Nápoles, Anna M. PhD, MPH; Santoyo-Olsson, Jasmine MS; Karliner, Leah S. MD, MAS; Gregorich, Steven E. PhD; Pérez-Stable, Eliseo J. MD

doi: 10.1097/MLR.0000000000000422
Original Articles

Objective: Compare accuracy of interpretation for in-person (IP) professional, professional videoconferencing (VC), and ad hoc (AH) interpretation.

Design: A cross-sectional study of transcribed audiotaped primary care visits.

Subjects: Subjects included 32 Spanish-speaking Latino patients and 14 clinicians.

Measures: Independent coding of transcripts by 4 coders (2 were internists) for accurate and inaccurate interpretation instances. Unit of analysis was a segment of continuous speech or text unit (TU). Two internists independently verified inaccurate interpretation instances and rated their clinical significance as clinically insignificant, mildly, moderately, or highly clinically significant.

Results: Accurate interpretation made up 70% of total coded TUs and inaccurate interpretation (errors) made up 30%. Inaccurate interpretation occurred at twice the rate for AH (54% of coded TUs) versus IP (25%) and VC (23%) interpretation, due to more errors of omission (P<0.001) and answers for patient or clinician (P<0.001). Mean number of errors per visit was 27, with 7.1% of errors rated as moderately/highly clinically significant. In adjusted models, the odds of inaccurate interpretation were lower for IP (OR=0.25, 95% CI, 0.19, 0.33) and VC (OR=0.31; 95% CI, 0.17, 0.56) than for AH interpreted visits; the odds of a moderately/highly clinically significant error were lower for IP (OR=0.25; 95% CI, 0.06, 0.99) than for AH interpreted visits.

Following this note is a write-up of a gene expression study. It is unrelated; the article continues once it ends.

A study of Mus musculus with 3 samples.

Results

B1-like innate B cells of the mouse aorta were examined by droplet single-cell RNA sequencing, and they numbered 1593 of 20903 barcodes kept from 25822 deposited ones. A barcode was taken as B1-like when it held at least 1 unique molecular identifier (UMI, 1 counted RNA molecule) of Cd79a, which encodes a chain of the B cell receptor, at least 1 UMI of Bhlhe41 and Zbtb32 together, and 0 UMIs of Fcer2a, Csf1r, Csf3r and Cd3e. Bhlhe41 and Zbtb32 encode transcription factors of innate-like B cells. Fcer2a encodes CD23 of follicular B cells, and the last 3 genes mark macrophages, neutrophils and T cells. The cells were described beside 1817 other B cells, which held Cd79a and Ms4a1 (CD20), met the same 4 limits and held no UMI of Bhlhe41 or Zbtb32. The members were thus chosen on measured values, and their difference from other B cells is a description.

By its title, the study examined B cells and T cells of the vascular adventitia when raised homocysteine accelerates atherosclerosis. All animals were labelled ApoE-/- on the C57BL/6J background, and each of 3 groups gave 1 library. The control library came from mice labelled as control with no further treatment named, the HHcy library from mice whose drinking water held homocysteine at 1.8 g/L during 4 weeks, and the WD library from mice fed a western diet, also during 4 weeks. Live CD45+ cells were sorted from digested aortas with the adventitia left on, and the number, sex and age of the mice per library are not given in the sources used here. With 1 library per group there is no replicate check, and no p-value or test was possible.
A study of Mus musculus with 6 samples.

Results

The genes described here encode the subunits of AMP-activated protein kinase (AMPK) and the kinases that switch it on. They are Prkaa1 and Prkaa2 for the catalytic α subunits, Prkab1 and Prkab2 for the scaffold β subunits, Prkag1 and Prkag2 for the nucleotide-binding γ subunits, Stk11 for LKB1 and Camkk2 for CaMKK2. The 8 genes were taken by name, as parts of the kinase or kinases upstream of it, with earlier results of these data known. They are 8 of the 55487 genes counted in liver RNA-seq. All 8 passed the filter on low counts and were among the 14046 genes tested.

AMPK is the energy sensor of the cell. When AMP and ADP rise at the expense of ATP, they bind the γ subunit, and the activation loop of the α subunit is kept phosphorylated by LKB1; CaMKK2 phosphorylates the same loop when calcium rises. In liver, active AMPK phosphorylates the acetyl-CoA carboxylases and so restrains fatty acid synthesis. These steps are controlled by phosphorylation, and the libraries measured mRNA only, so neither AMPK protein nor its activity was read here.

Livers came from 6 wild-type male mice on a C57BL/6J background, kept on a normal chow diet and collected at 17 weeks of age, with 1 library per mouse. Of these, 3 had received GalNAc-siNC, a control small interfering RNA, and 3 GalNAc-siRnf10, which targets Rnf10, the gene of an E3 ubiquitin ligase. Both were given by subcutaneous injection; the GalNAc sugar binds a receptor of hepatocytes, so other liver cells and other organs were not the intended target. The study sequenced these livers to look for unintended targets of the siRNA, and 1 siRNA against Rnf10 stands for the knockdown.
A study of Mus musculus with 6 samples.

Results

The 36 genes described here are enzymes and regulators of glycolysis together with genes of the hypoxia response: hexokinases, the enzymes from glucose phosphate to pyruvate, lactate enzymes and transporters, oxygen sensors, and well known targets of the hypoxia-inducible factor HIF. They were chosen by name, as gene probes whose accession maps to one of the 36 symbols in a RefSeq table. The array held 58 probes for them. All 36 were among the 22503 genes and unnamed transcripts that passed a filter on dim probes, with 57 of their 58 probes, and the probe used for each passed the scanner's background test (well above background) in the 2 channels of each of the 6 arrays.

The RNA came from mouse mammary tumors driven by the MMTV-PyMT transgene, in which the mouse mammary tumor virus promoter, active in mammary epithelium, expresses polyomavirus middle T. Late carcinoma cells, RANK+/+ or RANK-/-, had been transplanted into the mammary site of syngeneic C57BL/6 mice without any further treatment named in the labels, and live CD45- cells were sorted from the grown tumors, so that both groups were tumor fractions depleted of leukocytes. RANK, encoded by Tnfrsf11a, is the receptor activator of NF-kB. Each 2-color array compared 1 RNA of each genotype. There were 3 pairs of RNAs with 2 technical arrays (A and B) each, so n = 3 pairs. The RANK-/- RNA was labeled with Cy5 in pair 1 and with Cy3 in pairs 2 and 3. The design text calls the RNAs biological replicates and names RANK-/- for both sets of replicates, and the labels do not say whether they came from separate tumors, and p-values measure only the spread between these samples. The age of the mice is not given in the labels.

Conclusions: Inaccurate language interpretation in medical encounters is common and more frequent when untrained interpreters are used compared with professional IP or through VC. Professional VC interpretation may increase access to higher quality medical interpretation services.

Department of Medicine, Division of General Internal Medicine, Medical Effectiveness Research Center for Diverse Populations, University of California San Francisco (UCSF), San Francisco, CA

Supported by the California Endowment (grant number 20061003) and the Resource Centers for Minority Aging Research program of the National Institute on Aging (grant number P30 AG15272).

The authors declare no conflict of interest.

Reprints: Eliseo J. Pérez-Stable, MD, Department of Medicine, Division of General Internal Medicine, Medical Effectiveness Research Center for Diverse Populations, University of California San Francisco (UCSF), 1545 Divisadero Street, P.O. Box 0320, San Francisco, CA 94143-0320. E-mail: eliseo.perez-stable@ucsf.edu.